Change and Continuity at the World Bank

Change and Continuity at the World Bank

Reforming Paradoxes of Economic Development

Peter J. Hammer

This fascinating book examines the World Bank’s capacity for change, illustrating the influence of overlapping political, organizational and epistemic constraints. Through comprehensive historical and economic analysis, Peter J. Hammer illuminates the difficulties faced by recent attempts at reform and demonstrates the ways in which the training and socialization of Bank economists work to define the policy space available for meaningful change.

Chapter 2: The ABCs of the World Bank

Peter J. Hammer

Subjects: development studies, development economics, economics and finance, development economics, financial economics and regulation, international economics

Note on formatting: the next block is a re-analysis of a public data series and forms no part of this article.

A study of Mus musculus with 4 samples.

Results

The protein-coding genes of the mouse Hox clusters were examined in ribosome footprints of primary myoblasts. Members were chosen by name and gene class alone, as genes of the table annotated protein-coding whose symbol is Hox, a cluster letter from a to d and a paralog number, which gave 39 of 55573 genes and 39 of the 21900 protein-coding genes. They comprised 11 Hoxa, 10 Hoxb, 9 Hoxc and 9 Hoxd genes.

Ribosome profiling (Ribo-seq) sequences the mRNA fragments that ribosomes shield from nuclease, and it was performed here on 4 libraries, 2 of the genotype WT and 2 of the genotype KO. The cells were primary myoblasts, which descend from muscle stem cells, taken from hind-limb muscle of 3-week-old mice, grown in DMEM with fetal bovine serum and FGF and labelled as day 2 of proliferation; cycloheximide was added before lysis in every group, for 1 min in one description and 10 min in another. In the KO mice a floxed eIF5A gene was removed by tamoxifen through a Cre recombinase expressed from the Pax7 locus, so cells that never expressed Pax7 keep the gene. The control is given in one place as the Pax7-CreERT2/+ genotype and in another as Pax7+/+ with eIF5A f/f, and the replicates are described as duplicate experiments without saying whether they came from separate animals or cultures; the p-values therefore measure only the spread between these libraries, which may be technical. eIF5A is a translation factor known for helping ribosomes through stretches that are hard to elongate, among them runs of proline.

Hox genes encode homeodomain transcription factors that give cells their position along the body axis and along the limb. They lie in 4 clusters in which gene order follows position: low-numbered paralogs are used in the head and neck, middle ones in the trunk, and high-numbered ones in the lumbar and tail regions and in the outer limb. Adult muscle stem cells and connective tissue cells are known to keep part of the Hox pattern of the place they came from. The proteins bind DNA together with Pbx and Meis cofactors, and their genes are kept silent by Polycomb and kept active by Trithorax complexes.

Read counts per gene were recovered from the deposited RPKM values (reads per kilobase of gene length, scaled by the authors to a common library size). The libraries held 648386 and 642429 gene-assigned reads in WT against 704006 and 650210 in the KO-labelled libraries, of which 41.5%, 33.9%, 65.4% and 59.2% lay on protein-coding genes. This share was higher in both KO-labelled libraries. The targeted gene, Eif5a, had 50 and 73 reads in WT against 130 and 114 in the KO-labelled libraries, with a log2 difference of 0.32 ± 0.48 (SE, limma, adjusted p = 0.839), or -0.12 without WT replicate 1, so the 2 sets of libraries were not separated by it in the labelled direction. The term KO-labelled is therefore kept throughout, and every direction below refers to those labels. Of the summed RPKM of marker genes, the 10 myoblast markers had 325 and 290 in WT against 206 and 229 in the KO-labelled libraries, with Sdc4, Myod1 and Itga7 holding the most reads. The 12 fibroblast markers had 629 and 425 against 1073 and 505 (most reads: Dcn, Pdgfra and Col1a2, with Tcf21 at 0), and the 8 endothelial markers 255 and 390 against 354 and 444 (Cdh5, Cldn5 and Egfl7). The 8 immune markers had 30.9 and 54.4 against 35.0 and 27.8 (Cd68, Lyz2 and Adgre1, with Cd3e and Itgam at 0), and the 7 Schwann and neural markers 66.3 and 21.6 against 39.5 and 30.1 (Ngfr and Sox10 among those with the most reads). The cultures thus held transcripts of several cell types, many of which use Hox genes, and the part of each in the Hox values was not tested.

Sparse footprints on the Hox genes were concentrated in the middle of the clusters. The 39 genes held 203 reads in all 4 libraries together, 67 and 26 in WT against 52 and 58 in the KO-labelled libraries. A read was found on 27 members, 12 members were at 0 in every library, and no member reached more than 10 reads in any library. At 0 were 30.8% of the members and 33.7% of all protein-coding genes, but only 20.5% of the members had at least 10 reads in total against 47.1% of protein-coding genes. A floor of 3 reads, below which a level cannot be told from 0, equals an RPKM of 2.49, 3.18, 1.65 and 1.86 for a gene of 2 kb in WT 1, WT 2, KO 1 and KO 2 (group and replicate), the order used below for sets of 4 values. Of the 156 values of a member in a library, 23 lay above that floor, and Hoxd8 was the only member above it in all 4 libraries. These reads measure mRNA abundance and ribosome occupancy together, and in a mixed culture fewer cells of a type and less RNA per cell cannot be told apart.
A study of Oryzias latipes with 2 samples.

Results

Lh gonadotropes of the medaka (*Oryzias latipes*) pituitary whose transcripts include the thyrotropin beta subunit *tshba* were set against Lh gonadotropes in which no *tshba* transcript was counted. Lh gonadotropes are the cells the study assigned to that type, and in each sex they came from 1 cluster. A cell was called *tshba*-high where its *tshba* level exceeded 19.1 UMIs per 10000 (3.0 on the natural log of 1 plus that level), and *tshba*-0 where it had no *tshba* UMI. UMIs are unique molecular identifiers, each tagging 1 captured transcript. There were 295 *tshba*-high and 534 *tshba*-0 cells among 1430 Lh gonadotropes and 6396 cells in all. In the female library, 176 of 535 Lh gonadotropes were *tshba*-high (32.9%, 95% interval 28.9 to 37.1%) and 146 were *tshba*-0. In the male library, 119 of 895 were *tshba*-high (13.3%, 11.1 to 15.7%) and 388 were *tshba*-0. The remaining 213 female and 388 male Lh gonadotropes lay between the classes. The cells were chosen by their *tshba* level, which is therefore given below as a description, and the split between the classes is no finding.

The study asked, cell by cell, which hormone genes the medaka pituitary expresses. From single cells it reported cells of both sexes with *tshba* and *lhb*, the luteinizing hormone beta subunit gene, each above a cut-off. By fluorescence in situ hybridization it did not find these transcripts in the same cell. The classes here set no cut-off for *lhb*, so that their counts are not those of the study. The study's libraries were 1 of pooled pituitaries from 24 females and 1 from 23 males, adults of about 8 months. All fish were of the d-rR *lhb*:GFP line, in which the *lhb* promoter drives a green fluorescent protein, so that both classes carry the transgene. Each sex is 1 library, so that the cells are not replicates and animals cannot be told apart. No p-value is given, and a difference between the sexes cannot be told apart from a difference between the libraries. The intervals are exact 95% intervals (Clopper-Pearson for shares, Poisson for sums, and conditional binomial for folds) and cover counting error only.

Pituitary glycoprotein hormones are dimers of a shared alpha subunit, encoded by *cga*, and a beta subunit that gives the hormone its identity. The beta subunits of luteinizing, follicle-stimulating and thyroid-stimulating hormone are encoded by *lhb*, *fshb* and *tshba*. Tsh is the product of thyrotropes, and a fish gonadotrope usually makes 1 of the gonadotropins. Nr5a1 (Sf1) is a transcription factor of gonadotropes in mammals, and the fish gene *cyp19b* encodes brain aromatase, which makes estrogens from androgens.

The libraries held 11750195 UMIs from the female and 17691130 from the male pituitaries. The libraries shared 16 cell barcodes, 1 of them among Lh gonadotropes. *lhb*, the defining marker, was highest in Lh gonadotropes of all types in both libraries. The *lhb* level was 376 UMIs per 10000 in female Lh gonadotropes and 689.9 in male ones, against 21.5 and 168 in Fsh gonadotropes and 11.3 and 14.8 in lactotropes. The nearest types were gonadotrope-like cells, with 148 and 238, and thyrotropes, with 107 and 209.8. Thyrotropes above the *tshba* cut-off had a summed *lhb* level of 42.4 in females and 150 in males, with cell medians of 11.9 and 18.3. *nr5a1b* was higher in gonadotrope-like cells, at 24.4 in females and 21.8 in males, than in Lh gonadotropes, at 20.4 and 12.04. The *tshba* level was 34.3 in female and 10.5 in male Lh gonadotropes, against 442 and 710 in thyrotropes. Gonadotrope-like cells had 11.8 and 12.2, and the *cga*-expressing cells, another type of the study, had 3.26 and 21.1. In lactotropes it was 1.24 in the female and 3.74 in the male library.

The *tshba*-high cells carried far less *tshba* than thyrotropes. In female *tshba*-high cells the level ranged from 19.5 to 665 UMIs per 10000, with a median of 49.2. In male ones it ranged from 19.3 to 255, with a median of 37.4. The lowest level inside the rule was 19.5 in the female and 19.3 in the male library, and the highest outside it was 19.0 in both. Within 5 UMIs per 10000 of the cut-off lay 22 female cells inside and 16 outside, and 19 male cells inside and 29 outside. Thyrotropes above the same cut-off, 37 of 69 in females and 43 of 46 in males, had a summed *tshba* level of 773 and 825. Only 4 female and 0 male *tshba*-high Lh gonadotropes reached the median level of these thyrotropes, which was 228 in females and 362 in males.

The World Bank Group is not a bank in any traditional sense. Legally, the World Bank is a specialized agency of the United Nations, with its own Articles of Agreement and autonomous governing structure. This structure oversees a collection of programs and funds. The two most important programs for our purposes are the International Bank for Reconstruction and Development (IBRD) and the International Development Association (IDA). Together, these programs embody what is popularly referred to as the World Bank. The IBRD dates back to a set of international meetings held in Bretton Woods, New Hampshire, in 1944. The meetings were an attempt by the allied powers to plan for the post-war international economic and financial order. The premise was that financial stability was essential for peace and security, responding to the role that monetary crises and breakdowns in international trade played in contributing to World War II. The primary focus of the meeting was facilitating monetary stability and the meeting’s principal accomplishment was the creation of the IMF. The World Bank, a multilateral funding mechanism to facilitate post-war reconstruction, was also on the table, but this was only a secondary concern. The notion of “development,” with a focus on what is now referred to as the Third World (then many still colonial territories) was even further down the agenda. In the end, the parties reached agreement on both the IMF and the IBRD. These are “sister” institutions. To understand one, it is necessary to understand the other.